The Rialto Bridge is the most famous and most ancient bridge out of the four that cross the Grand Canal. The vaulted stone bridge of Rialto was built from 1588-1591 under the supervision of Antonio da Ponte. The original bridge was wooden, however it kept collapsing from the weight of the pedestrians.
The buildings of Rialto were destroyed by a great fire in 1514, leaving the church of San Giacomo di Rialto the only one that was salvaged. The rest of the buildings were reconstructed from the beginning. Famous architects of the time such as Michael Angelo were candidates for the reconstruction of the bridge, however the project was taken over by architect Antonio da Ponte. During the three years that took to construct the bridge, the merchants were not pleased as they had to transport their good by boat. The final result however was astonishing as it is the grandest and the most famous bridge of all four that exist in the Grand Canal.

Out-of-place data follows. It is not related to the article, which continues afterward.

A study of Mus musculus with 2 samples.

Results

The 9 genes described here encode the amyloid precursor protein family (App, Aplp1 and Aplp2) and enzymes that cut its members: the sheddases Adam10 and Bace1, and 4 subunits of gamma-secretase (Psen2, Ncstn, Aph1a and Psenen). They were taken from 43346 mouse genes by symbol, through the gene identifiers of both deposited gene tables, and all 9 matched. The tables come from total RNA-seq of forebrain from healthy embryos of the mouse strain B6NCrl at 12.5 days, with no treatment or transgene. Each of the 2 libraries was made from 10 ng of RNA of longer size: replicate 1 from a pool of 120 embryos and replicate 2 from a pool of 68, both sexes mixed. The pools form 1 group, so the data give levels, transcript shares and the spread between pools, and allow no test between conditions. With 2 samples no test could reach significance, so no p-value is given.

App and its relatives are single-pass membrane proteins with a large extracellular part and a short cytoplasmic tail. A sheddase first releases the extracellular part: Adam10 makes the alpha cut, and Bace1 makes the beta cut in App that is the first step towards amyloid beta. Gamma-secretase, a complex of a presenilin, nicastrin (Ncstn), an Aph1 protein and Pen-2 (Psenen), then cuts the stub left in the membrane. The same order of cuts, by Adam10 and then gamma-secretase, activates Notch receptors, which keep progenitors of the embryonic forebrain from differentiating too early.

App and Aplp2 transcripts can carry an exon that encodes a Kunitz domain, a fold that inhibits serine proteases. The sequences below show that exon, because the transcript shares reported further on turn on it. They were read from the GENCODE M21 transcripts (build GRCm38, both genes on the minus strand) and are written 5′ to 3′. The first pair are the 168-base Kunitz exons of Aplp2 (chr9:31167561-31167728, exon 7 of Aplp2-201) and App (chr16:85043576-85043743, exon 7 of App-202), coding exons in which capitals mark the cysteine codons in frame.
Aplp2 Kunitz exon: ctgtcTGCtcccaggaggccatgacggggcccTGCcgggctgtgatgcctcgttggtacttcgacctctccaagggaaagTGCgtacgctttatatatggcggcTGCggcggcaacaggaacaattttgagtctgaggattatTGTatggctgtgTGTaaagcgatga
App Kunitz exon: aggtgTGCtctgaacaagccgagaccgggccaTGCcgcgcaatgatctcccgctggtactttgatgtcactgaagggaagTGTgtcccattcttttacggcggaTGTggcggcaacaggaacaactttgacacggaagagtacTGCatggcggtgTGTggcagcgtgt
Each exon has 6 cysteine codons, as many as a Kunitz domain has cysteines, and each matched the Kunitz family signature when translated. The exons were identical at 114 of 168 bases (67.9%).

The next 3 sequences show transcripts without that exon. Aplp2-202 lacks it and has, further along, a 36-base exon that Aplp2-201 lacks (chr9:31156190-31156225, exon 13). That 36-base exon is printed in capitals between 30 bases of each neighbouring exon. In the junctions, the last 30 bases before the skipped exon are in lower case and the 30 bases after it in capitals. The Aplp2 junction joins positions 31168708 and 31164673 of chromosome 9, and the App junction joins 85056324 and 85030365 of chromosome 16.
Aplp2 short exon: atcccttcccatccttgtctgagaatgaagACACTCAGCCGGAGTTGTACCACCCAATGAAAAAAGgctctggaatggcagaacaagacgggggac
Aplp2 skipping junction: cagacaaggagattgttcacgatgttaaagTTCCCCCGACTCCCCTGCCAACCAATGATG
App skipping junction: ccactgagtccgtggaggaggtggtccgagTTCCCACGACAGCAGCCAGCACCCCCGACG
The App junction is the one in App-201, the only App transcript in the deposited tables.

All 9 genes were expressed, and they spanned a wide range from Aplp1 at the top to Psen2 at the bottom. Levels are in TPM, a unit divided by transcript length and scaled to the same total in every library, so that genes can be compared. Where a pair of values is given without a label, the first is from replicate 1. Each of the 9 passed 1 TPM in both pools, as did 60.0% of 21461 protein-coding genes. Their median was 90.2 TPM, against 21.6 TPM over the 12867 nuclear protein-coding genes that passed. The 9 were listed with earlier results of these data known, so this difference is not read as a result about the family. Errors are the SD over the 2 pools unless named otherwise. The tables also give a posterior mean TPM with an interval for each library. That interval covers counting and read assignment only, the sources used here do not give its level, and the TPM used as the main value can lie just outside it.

Even though there are hundreds of bridges in Venice, until the 1850’s it was the only footbridge that linked the two sides of the Canal at its narrowest point. This is where the heart of the city beats.
The market gained a greater reputation and value with time. Wholesale trade was at the same level as retail trade, with huge warehouses for the goods. Venetians once arrived from the Middle East with silk and spices.
Today the market is filled with small shops and stalls that sell jewellery, souvenirs, Murano glass and other items on both sides of the Grand Canal. An area that was once filled with merchants is now packed with tourists. As it is considered a top attraction, the Rialto Bridge is always included in the city tours. Choose a side and enjoy one of the most classic images of Venice, as the gondolas glide against the water.